Taiwan Tati Cultural and Educational Foundation

 
  • Increase font size
  • Default font size
  • Decrease font size
Home The News News Chinese official threatens forced unity

Chinese official threatens forced unity

E-mail Print PDF

Li Kexin, minister at the Chinese embassy in the US, speaks at an embassy event in Washington yesterday.
Photo: Nadia Tsao, Taipei Times

The day US Navy vessels arrive in Kaohsiung would be the day the Chinese People’s Liberation Army “unifies” Taiwan by force, said Li Kexin (李克新), minister at the Chinese embassy in the US.

Li made the remarks on Friday at an explanatory session at the Chinese embassy in Washington about the Chinese Communist Party’s 19th National Congress and US President Donald Trump’s visit to China last month.

The Taiwan issue is still a challenge to US-China relations, Li said, adding that the US’ National Defense Authorization Act (NDAA) passed by the US Congress — which enables mutual visits between Taiwanese and US naval vessels — violates the basic spirit of the establishment of diplomatic relations between the US and China.

As of Nov. 16, the NDAA for next fiscal year has been passed by both the US House of Representatives and the US Senate, and is awaiting Trump’s signature to become law.

Li said he went to the US Capitol and told US officials that “I may have to thank you American friends,” adding that the officials asked what he meant with those words.

“I said: ‘Are you not going to send military vessels to Taiwan, to Kaohsiung...? If you send military vessels over there, [you] will activate the Anti-Secession Law [of China],” Li said on Friday.

Li said he was not joking, adding that US military vessels need to obtain China’s approval to visit Shanghai and if they want to visit Taiwan, China will definitely disapprove.

Citing Taiwanese human rights advocate Lee Ming-che’s (李明哲) conviction by a Chinese court for “subversion of state power,” General Association of Chinese Culture deputy secretary-general Chang Tieh-chih (張鐵志) being denied entry to Hong Kong and the increased frequency of Chinese military aircraft flying around Taiwan, Taiwanese journalists in attendance asked Li whether the incidents suggest that China’s policy toward Taiwan has tightened.

Li said that they were all individual cases and do not need to be “over-analyzed.”

Chinese President Xi Jinping’s (習近平) talk of “one China, 1992 consensus” (一個中國、 九 二共識) at the congress suggests that he has left the door open for cross-strait talks.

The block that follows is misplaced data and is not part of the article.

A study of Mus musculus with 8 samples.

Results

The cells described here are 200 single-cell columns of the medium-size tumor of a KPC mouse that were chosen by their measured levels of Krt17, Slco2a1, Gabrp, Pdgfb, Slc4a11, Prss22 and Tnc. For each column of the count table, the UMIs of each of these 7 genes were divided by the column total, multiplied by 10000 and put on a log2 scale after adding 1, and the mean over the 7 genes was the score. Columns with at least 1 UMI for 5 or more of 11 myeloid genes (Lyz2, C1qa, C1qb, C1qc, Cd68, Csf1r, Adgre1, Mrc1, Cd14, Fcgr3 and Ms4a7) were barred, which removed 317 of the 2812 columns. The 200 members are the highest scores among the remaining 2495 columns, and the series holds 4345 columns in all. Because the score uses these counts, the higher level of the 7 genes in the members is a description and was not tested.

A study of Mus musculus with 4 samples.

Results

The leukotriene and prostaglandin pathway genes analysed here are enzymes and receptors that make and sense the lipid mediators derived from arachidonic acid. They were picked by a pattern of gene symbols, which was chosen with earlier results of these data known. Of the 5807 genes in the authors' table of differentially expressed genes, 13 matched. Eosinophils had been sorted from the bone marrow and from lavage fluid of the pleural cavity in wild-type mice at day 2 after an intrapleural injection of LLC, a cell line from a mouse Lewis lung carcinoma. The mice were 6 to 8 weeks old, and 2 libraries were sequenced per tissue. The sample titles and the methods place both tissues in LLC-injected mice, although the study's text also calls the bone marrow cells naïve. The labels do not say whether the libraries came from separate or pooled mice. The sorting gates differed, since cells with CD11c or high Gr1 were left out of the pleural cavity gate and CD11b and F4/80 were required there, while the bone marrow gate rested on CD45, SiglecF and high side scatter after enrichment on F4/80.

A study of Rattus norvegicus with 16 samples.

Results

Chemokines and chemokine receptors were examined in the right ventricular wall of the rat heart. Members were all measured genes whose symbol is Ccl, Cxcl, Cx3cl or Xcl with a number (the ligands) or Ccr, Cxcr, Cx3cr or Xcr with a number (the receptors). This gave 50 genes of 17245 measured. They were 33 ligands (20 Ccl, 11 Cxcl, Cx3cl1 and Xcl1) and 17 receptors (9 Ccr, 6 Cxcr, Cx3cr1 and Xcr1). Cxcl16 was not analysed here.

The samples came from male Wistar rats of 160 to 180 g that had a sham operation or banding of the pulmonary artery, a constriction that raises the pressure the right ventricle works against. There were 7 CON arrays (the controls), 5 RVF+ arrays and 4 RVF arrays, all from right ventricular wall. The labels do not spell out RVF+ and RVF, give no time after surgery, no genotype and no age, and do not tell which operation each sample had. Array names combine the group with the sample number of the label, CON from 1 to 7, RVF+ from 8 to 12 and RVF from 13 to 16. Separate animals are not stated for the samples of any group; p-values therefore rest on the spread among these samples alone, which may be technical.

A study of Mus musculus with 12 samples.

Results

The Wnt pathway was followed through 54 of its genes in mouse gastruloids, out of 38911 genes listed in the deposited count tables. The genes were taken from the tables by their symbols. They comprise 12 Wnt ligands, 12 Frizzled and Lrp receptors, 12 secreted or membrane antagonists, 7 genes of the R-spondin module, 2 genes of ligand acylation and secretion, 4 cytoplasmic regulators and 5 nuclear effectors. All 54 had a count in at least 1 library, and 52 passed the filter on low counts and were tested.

The “spiritual union” (心靈契合) Xi mentioned at the congress means that integration between the two sides of the Taiwan Strait is not a completely forceful one and that China wants Taiwanese to feel that “unification will let your feeling of a ‘small happiness’ (小確幸) turn into a ‘great happiness’ (大確幸),” Li said.

Peaceful unification is the highest goal, but China will not give up the option of unification by military force, Li said, adding that cross-strait relations are none of the US’ business and do not need to rely on the mediation of any other nation.

The Ministry of Foreign Affairs in Taipei yesterday said although the government welcomes and appreciates the US Congress’ demonstration of goodwill and support for improved Taiwan-US security cooperation through legislation, it cannot speak on Washington’s behalf about how it intends to execute the Taiwan-friendly elements of the NDAA.

Reiterating the Democratic Progressive Party (DPP) administration’s cross-strait stance, the ministry said the government is determined to push for peaceful and stable development of cross-strait ties and resolve differences through dialogue.

The Mainland Affairs Council also issued a statement highlighting the nation’s capability and determination to defend itself, adding that it would continue to reinforce communication with the US and its regional partners to ensure peace and stability across the Taiwan Strait.
 

Meanwhile, Chinese Nationalist Party (KMT) Culture and Communications Committee deputy director-general Hung Meng-kai (洪孟楷) said that the KMT would not tolerate any threats or finger-pointing aimed at the Republic of China’s homeland or the security of its people.

The DPP administration should face up to the importance of maintaining peaceful cross-strait relations and avoid any unnecessary misunderstandings that could cause irrepressible losses to Taiwan, he added.

Additional reporting by Stacy Hsu


Source: Taipei Times - 2017/12/10



Add this page to your favorite Social Bookmarking websites
Reddit! Del.icio.us! Mixx! Google! Live! Facebook! StumbleUpon! Facebook! Twitter!  
 

Newsflash

A Ministry of National Defense official yesterday said Taiwan planned to slash the number of its troops by 9,200 this year amid warming ties with China, adding that the cut would be offset by more advanced weaponry.

The reduction is part of a five-year plan aimed at trimming the size of Taiwan’s armed forces by 60,000, or more than 20 percent from the present level of 275,000 troops.

However, the ministry said Taiwan’s defensive capabilities would not be undermined as it seeks more high-tech and powerful weapons.